To say that Stephen Weiss’ time as a member of the Detroit Red Wings hasn’t gone as planned would be an understatement. Since signing a five-year, $24.5 million dollar contract in the summer of 2013, Weiss has been plagued by injuries. A sports hernia limited him to just 26 games during the 2013-14 season. The start of the 2014-15 season was supposed to mark the beginning of Weiss’ road to redemption, but he pulled his groin during a conditioning stint in Grand Rapids in late October. Upon returning to Detroit’s line-up in late November, Weiss has slowly (but surely) shown flashes of the offensive production that Red Wings’ brass anticipated when they signed him. While he has yet to fit into the second-line center spot that Detroit management and fans expected him to occupy, he is certainly producing well enough to be considered an asset to the team.
Weiss Can Generate Offense
Looking at what Weiss has done this season, it’s fair to say that you would like a little more consistency out of him. He’s gone cold a few times this year, most notably during a seven-game pointless streak that ran from late-December to mid-January. At the same time, I think you have to cut the guy some slack. Weiss has been bounced back and forth between Detroit’s third and fourth lines, making it difficult to develop chemistry with his line mates. Despite being constantly shifted throughout the line-up, Weiss has managed to score at a .60 points per game clip, which is good for seventh on the team. Also of interest is the fact that 12 of his 18 points have come at even strength.
It gets even more intriguing when you take a closer look at his stats, specifically his P/60.
One important thing to remember here is that the quality of competition that Weiss is going up against each night is not as high as typical top six forwards. Keeping that in mind, he’s still scoring at a solid rate per 60 minutes. At the very least, Weiss is an offensive asset who provides depth in the Red Wings’ line-up.
Stuck in the Bottom Six… For Now?
When you look at Detroit’s depth at the center position, it’s easy to see why Weiss has been playing as a winger throughout the year. Zetterberg, Datsyuk, Sheahan, Glendening have generally been used as Detroit’s four centermen, with Darren Helm used as the third-line at times, mostly when Datsyuk and Zetterberg are on the same line.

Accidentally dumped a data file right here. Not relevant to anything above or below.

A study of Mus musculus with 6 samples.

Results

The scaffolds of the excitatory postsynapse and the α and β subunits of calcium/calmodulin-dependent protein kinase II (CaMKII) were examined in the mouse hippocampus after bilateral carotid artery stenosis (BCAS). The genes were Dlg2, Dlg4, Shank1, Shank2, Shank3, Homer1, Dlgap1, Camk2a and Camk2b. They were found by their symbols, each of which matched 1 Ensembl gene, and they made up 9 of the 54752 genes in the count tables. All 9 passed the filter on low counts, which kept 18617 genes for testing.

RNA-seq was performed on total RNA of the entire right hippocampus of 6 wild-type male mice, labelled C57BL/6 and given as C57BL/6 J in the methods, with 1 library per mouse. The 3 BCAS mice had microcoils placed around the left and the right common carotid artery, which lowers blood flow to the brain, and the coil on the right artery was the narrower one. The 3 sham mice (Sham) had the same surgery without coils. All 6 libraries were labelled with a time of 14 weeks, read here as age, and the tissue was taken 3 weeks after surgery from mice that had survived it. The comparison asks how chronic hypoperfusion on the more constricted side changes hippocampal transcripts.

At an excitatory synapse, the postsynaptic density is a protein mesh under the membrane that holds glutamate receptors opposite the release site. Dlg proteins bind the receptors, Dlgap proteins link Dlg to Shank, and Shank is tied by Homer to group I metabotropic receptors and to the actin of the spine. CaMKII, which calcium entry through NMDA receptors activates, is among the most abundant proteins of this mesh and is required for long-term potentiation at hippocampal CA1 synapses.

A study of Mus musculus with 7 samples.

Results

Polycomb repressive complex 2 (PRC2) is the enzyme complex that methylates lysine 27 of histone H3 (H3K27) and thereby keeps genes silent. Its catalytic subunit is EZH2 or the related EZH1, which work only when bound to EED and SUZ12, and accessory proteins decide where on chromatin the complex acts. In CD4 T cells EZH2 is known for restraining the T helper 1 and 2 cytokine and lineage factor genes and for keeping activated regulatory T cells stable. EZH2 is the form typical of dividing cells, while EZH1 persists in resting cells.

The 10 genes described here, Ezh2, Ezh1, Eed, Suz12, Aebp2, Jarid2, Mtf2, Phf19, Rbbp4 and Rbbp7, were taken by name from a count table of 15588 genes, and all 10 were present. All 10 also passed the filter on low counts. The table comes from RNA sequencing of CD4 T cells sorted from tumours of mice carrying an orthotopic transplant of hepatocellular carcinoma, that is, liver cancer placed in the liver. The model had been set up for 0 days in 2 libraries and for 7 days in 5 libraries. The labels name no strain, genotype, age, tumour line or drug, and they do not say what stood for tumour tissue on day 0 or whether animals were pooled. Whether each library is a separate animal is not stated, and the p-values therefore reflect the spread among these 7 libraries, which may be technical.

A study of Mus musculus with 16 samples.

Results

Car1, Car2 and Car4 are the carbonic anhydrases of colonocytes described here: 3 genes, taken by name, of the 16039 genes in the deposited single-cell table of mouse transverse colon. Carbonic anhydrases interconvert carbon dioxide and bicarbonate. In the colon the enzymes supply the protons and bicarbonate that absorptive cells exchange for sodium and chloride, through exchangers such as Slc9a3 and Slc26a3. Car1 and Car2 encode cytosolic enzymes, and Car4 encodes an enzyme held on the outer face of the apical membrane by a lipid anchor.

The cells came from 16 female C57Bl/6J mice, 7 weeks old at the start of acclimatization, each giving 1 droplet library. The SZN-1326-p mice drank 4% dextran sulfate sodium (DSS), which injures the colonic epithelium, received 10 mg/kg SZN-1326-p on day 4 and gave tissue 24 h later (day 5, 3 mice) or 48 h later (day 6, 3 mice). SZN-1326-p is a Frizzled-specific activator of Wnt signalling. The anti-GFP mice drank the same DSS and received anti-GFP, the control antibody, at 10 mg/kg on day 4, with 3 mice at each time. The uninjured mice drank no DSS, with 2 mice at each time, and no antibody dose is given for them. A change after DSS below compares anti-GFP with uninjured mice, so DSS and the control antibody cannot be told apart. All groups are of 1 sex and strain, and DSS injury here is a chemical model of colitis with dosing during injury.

Perhaps it’s for the best, as Weiss is producing in his current role as a bottom six winger. While his skating and compete level have been called into question by fans, it’s tough to question his offensive contribution. In an interview with The Detroit Free Press’ Helene St. James, Babcock insised that while there’s room for improvement, Weiss has continued to get better as the season has gone on. He also maintains that, aside from a select few, each player’s spot in the line-up is re-evaluated every single game:
“Every night you’re just watching the players, and you’re gonna try to play the right guys to win. You know, guys like Kronner and Z and Pav get a longer leash on the night’s they’re not going quite as good. The rest of them, I like to think we evaluate who’s playing good, and we play them.”
Where Does He Go From Here?
Is Stephen Weiss the $4.9 million dollar, second-line center that Detroit was looking for heading into the 2013-14 season. No, but in my opinion, he can still be an effective player on this roster. It’s going to be tough for Weiss to break into Detroit’s top six – maybe impossible. They have a good thing going at the moment, winning eight of their past ten games. If Weiss can continue to contribute offensively at his current pace, then that’s good enough for me.
I am a writer from Windsor, Ontario who has covered the Detroit Red Wings for The Hockey Writers. I have had the pleasure of doing so since February of 2015. Previously, I have written about Red Wings prospects for Hockey’s Future. I am always up for chatting about the Red Wings and hockey in general, so leave me your comment and/or tweets. Follow me on Twitter at @BrandonPeleshok.